Tuesday, July 8, 2014

Haa – A Photo Essay

There are 2 options for road travel to and from Haa and both offer spectacular views.

The roadsides and valleys were awash with irises at this time of year,

and a joy to behold both close up and from a distance.

Chelela is the highest road pass in Bhutan and we had a 5- minute window of opportunity to glimpse the Haa valley below from the top before the clouds completely obscured our view.

Undeterred by the vanishing view, I applied myself to the mission of flying a new string of prayer flags at the top while Ian waited patiently in the car.

The windy conditions and crystal clear air more than compensated for the disappearance of the views,

…which reappeared intermittently as we descended anyway.

The main street is a sleepy row of general stores and parking space is easy to come by…..

…… as is the laid back lifestyle and a sense of friendly camaraderie among the locals.

Summer is certainly the perfect time to visit Haa as it is the season for blooms…….

……. and brilliant blue skies.

Winter on the other hand must be extremely chilly as the as the ever-growing stockpiles of wood verify.

When we made our booking to visit Haa during the Summer Festival we weren’t aware that hiking wouldn’t be an option.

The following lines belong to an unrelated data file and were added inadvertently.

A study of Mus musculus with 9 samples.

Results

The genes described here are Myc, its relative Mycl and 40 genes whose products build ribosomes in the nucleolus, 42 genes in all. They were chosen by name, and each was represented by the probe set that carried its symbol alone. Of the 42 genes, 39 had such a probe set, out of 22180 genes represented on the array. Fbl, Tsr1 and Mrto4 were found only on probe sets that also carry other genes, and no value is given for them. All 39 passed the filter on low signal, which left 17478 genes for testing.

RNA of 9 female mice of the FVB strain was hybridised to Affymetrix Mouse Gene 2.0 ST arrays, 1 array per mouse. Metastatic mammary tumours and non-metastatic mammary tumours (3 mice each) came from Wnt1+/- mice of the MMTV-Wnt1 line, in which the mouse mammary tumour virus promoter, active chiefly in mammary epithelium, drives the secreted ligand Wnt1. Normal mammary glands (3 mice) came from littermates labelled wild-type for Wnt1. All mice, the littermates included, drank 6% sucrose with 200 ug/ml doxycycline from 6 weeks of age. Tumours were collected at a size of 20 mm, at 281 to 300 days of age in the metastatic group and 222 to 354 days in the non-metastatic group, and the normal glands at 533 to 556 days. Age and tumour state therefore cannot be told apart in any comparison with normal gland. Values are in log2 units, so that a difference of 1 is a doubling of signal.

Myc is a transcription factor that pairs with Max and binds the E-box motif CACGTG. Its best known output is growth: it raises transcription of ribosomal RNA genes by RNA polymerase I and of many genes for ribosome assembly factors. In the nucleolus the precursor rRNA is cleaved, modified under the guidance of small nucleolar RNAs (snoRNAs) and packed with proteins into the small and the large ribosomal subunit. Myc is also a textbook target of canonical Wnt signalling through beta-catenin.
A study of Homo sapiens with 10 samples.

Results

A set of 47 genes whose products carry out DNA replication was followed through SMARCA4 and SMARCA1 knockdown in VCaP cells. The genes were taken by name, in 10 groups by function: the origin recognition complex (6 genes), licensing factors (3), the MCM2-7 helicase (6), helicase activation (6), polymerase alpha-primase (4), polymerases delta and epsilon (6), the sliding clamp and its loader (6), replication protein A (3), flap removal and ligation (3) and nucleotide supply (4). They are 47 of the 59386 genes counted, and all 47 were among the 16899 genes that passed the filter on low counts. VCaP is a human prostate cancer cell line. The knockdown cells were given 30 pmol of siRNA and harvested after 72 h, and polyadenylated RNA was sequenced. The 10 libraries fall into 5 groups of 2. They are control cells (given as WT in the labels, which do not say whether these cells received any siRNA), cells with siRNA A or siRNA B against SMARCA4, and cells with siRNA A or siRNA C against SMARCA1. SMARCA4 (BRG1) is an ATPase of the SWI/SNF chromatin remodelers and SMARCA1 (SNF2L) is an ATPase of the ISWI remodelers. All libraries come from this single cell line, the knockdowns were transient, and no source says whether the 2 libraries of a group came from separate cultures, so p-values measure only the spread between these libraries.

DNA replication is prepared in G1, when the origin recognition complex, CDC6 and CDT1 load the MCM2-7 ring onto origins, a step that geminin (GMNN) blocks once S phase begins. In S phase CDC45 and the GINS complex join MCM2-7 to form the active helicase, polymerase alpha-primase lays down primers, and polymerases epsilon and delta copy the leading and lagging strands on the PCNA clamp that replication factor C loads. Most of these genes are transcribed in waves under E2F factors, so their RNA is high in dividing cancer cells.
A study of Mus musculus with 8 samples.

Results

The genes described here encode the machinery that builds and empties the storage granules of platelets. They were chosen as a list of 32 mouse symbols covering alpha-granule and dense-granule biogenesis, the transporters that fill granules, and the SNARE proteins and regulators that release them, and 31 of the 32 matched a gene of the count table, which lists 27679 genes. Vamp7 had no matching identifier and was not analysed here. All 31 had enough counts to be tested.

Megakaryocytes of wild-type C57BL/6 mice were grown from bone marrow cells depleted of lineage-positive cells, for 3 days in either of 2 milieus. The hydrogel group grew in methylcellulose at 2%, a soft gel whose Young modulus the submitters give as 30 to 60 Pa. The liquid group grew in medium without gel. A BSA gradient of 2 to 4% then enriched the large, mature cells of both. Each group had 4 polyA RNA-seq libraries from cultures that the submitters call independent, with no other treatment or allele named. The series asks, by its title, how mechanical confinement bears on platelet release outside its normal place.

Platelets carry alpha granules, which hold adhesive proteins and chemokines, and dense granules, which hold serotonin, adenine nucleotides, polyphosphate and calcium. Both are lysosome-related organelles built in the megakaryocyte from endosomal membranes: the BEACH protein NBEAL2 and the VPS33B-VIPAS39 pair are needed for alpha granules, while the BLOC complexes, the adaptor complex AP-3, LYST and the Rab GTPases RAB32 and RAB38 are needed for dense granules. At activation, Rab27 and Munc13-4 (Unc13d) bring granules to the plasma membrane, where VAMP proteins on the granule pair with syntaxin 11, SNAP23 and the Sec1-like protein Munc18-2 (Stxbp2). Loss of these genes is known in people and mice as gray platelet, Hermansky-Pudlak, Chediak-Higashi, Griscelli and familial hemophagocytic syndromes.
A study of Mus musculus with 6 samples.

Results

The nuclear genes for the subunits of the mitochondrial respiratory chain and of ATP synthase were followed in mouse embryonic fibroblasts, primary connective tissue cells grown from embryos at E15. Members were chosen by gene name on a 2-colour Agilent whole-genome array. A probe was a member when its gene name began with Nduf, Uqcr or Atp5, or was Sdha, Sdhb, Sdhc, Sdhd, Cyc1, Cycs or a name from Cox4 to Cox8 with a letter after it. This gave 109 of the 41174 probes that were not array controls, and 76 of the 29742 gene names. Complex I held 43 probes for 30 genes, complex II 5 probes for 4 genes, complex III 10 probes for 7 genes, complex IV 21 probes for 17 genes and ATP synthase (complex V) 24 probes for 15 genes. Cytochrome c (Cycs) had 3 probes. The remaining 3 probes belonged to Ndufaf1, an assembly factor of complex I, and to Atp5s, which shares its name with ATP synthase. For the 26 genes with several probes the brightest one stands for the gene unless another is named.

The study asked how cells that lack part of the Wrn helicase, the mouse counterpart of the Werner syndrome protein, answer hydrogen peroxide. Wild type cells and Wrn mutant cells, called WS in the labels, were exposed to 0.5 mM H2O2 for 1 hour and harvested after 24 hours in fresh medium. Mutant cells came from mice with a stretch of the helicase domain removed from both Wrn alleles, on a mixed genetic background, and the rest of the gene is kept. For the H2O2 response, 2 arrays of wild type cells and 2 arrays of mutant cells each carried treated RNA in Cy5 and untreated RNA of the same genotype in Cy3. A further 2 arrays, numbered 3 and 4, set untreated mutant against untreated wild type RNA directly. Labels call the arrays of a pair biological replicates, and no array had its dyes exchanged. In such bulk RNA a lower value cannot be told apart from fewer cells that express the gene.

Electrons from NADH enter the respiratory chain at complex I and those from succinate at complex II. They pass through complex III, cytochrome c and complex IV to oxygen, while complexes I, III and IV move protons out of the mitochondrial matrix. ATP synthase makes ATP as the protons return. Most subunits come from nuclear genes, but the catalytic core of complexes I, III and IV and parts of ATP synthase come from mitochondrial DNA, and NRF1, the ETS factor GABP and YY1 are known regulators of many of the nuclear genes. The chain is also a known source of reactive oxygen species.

Wandering slowly around town certainly provided entertainment enough for us, and confirmation that traditional culture is alive and well way out west.

Some of the best examples of freshly painted Buddhist motifs were to be found on the newly completed rammed earth buildings, we are now very familiar with. This one is on a building, for which we saw the foundations being rammed on our first visit to Haa last September.

I was surprised that the raven crown is also a symbol, which appears on noticeboards and signposts in abundance throughout the town, when I have hardly ever noticed it before. This example is the finial on the entrance gate to Gongzim Ugyen Dorji Higher Secondary School.

The thirst generated by our afternoon walk was more than adequately taken care of by our host in this little family style restaurant.

The locals were thrilled to see us and keen to communicate too, even if it did mean using only gestures and the topic of conversation was always Ian’s injury.

The best local use for the bright sunshine of the summer season is drying meat to hoard for the long, cold, winter months ahead and there was an interesting variety of hanging spots utilized.

With a new dzong under construction and the beautifully maintained ancient one currently housing IMTRAT (the Indian Military Training Team) this magnificent structure is the Ha Namgayling Dzong.

So wherever the wind may blow us next year and beyond, we certainly hope that this will not be our final visit to the sensationally beautiful Haa Valley. A small part of me hopes we might even be posted there despite my knowledge that no-one in BCF ever has been and my dread of the extremely cold winters.